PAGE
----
Cracking open a coconut and sipping it with a straw has long been a popular, low cost refreshment in tropical countries like Brazil, the Caribbean, India and south east Asia. Then, in 2004, coconut water was liberated from its natural container by a small group of entrepreneurs who packaged it for sale in the US. Since then, the coconut water industry has exploded into one of the fastest growing beverage categories globally. The major players in the industry – Vita Coco, Zico, and O.N.E – have grown by nearly 600% since 2009, and 2,759% since 2007.
Hollywood has most certainly played its part as well. Celebrities such as Gwyneth Paltrow, Rihanna and Jessica Alba have publically touted its benefits. Madonna, Demi Moore and Mathew McConaughey have even gone so far as to financially invest in the industry’s founding company, Vita Coco.
So what exactly is coconut water? Well, it is the clear liquid found in green, unripened coconuts. It is made up of 95% water. The other 5% is rich in potassium, a vital mineral that keeps the brain, nerves, heart and muscles in shape. We lose a lot of potassium when we exercise. This is why coconut water is most commonly marketed as Mother Nature’s sports drink.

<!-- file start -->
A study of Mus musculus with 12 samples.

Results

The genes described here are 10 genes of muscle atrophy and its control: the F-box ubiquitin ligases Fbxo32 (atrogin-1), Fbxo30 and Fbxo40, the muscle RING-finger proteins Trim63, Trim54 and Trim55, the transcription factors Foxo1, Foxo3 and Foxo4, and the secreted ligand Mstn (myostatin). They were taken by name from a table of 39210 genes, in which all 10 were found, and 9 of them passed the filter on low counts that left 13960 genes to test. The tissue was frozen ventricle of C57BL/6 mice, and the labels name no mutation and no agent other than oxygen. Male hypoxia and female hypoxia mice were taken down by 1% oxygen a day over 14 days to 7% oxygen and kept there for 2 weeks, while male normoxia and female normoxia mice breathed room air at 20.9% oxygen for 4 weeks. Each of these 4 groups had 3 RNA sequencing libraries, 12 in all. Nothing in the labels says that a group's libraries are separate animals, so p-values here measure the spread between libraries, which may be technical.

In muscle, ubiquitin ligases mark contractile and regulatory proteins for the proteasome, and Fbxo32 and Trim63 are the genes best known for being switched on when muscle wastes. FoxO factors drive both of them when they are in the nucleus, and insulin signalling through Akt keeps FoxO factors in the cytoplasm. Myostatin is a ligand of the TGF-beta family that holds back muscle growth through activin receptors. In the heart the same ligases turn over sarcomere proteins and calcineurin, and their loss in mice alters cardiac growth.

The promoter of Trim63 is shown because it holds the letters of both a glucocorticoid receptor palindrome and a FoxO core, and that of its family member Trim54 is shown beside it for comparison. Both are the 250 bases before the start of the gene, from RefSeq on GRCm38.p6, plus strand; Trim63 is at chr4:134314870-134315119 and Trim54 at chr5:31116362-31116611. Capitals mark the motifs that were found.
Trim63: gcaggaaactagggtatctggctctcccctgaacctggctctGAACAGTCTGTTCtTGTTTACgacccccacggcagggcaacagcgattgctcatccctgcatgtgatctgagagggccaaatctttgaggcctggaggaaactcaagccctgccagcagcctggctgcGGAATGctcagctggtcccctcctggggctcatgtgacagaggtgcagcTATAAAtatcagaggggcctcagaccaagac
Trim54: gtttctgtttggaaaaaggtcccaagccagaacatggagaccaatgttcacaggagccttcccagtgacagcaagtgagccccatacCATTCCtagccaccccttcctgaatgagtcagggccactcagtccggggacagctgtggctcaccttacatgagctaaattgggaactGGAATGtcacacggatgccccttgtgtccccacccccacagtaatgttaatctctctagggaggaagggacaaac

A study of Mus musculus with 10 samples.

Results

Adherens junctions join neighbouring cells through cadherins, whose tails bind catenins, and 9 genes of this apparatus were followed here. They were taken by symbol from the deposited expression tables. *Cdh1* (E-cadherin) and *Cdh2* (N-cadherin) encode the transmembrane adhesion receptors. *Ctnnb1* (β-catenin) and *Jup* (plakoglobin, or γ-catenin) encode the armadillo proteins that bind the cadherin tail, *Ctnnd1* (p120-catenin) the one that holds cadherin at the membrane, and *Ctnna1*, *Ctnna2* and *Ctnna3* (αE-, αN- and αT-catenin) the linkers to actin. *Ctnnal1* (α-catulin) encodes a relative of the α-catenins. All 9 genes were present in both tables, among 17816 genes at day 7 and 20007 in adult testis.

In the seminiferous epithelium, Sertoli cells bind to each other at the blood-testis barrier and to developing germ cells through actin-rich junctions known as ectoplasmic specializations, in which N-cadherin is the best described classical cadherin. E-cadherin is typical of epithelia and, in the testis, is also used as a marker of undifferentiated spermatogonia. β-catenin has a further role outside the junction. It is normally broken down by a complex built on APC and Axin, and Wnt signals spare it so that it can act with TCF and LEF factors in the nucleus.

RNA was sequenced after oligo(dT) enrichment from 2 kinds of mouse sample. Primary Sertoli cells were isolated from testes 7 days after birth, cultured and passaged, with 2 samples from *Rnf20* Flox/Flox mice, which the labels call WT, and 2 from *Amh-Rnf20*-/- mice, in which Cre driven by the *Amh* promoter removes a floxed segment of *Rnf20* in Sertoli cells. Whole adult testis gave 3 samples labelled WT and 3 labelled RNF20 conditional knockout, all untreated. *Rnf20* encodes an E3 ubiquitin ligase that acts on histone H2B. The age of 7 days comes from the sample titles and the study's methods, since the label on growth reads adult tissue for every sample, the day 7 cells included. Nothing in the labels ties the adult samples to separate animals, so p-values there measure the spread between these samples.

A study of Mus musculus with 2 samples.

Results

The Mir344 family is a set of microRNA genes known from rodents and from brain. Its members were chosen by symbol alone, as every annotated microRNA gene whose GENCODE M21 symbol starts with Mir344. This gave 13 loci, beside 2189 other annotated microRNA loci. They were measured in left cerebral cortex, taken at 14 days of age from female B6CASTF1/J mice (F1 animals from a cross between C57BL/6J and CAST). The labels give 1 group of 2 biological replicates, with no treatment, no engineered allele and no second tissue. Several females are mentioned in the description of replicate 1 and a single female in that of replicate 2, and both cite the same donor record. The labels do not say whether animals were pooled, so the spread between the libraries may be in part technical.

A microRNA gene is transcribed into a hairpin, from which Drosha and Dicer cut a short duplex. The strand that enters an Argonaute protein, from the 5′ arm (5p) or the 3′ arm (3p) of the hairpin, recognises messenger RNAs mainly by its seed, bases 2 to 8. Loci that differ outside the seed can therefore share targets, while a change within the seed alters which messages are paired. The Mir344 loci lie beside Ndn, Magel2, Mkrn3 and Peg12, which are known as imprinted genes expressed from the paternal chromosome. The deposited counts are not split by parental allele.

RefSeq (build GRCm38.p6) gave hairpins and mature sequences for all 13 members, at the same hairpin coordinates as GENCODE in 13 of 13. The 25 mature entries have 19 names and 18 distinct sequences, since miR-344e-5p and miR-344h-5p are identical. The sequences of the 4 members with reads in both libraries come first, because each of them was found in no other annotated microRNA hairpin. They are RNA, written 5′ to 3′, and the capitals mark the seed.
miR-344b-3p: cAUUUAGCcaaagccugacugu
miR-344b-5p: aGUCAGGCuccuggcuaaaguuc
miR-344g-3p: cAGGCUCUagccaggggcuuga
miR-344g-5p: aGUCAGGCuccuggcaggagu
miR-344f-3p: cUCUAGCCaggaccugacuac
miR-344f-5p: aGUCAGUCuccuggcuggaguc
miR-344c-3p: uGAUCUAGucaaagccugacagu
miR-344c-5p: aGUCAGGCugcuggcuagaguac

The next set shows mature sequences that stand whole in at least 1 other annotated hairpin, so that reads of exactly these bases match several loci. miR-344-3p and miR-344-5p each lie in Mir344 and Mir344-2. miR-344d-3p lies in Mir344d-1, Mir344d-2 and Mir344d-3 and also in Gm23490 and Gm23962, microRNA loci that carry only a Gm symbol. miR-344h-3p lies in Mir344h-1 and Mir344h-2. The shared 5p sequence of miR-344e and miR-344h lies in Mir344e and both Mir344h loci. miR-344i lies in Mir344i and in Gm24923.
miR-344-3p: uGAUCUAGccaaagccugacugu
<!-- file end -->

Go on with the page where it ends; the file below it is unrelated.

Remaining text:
A lot of dietitians contest its value as a post exercise drink however, because coconut water contains more potassium than sodium. We lose more sodium than potassium when we exercise so coconut water cannot replace it. In fact, a 2012 study (funded by Vita Coco) in the Journal of the International Society of Sports Nutrition found that neither coconut water nor sports drinks were better than water in hydrating young men after hour long workouts.
In addition to potassium and sodium, coconut water also contains other electrolytes like magnesium, calcium, and phosphorus. The only sugars it contains are naturally occurring ones. However, coconut water still contains liquid calories and carbohydrates so shouldn’t be substituted for water when trying to lose weight. People with blood sugar problems should be wary of this also.
Despite being heavily marketed as nature’s newest wonder tonic, the common consensus amongst nutritionists is that the benefits of coconut water are highly overrated and the claims that coconut water can cure diabetes, keep cancer at bay and make you look years younger are unfounded.
The bottom line: coconut water is completely natural and void of the added sugars and additives in many sports drinks. Coconut water is also high is potassium, low in sodium, and low in calories and fat, but its health claims are drastically overstated.
Be mindful of what you’re putting into your body and don’t believe all the hype until you start researching all these “health” products for yourself.